Franchising · 9 February 2016

Franchise relationships: Key aspects of UK regulation

Fair and reliable UK laws make the country attractive to potential franchisors
In his latest column for Business Advice, franchising law expert Andrew Pena hones in on UK franchising regulation to find out why it offers companies a great environment to pilot franchising businesses.

The UK is increasingly becoming one of the most attractive countries for franchisors to begin international expansion. There are a number of reasons for this. The UK is seen as commercially attractive as there are few barriers to entry, as well as highly credible as an international business centre benefiting from a fair and reliable legal system. This latest article focuses on how UK regulation offers a great environment to pilot franchising businesses.

UK franchising regulation

There are no laws specifically regulating franchise agreements in the UK. Parties are generally free to agree all the terms of contracts, save to the extent that laws affecting commercial contracts may apply.

By contrast, many jurisdictions outside the UK specifically regulate franchise relationships. Such regulations can involve additional obligations or restrictions imposed upon franchisors that are not included (or required to be included) in a franchise agreement. These restrictions might include:

? Mandatory cooling-off periods

? Obligations to disclose to franchisees specific information and documents prior to entering into a franchise agreement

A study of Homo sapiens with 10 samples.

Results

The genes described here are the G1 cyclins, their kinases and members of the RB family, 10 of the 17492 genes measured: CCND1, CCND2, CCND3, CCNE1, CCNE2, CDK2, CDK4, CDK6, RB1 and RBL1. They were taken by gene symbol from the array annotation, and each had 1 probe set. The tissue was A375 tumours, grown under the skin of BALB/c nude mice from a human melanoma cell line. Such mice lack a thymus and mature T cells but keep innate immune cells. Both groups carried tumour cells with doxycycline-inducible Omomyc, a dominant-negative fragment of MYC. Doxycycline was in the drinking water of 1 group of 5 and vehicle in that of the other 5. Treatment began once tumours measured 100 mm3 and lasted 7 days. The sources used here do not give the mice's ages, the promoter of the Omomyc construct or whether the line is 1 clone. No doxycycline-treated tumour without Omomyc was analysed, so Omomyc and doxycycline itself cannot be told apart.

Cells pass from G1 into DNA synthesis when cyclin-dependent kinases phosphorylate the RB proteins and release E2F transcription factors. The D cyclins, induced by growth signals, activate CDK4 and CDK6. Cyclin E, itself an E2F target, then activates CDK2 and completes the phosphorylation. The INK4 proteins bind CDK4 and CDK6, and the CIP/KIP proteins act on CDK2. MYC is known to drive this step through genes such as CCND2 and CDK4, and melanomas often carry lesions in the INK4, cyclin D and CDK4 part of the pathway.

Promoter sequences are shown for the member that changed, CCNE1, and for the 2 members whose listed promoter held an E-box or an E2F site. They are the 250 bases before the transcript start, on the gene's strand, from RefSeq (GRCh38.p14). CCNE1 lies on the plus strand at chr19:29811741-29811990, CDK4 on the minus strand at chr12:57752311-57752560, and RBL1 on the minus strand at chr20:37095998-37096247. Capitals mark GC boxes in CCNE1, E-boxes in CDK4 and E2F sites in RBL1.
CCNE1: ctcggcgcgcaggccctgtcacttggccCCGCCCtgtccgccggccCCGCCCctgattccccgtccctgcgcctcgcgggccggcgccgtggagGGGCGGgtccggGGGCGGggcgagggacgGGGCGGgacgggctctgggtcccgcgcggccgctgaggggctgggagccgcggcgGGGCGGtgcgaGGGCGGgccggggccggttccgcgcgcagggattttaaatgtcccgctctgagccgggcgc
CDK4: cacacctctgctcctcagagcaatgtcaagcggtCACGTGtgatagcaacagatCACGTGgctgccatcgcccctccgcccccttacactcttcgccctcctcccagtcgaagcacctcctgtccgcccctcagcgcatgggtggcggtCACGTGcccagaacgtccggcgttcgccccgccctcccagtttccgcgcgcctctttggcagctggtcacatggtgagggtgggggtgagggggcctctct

? Requirements to register relevant trade marks

? Prohibiting a franchisor from requiring a franchisee to undertake significant capital expenditure during the term of the franchise agreement

? An obligation that the franchisor act in good faith towards its franchisees

? An obligation on the franchisor to notify its franchisee prior to the end of the term as to whether the franchisor agrees to renew the franchise agreement

? An obligation on a franchisor to register and obtain approval of its franchise opportunity marketing materials and details of the individuals who will market the franchising opportunity

? An obligation on the franchisor to allow the sale of a franchise business

? Limitations on the franchisor’s ability to require the purchase of goods and services from nominated suppliers

? Prohibitions on discriminating between franchisees

? Prohibitions on preventing the free associations between franchisees

The areas of law that typically affect franchise agreements are those concerning misrepresentation, competition and restraint on trade. The differences in law between England, Wales, Scotland and Ireland are not substantial, but do require some consideration to accommodate local jurisdictions.


Many of the regulations cited above are aimed towards preventing franchisees from entering into a franchise agreement based on false or misleading information provided by a franchisor.

While the UK does not impose disclosure obligations on franchisors prior to entering into a franchise agreement, franchisees do have remedies against a franchisor in circumstances where franchisees are induced into entering the franchise agreement as a result of a misrepresentation like a false representation of fact made by the franchisor.



Andrew Pena is a commercial litigator who has worked at well-known City practices. Having acted for major international companies and many recognisable high street brands, he now heads up Cubism Law's franchise law practice.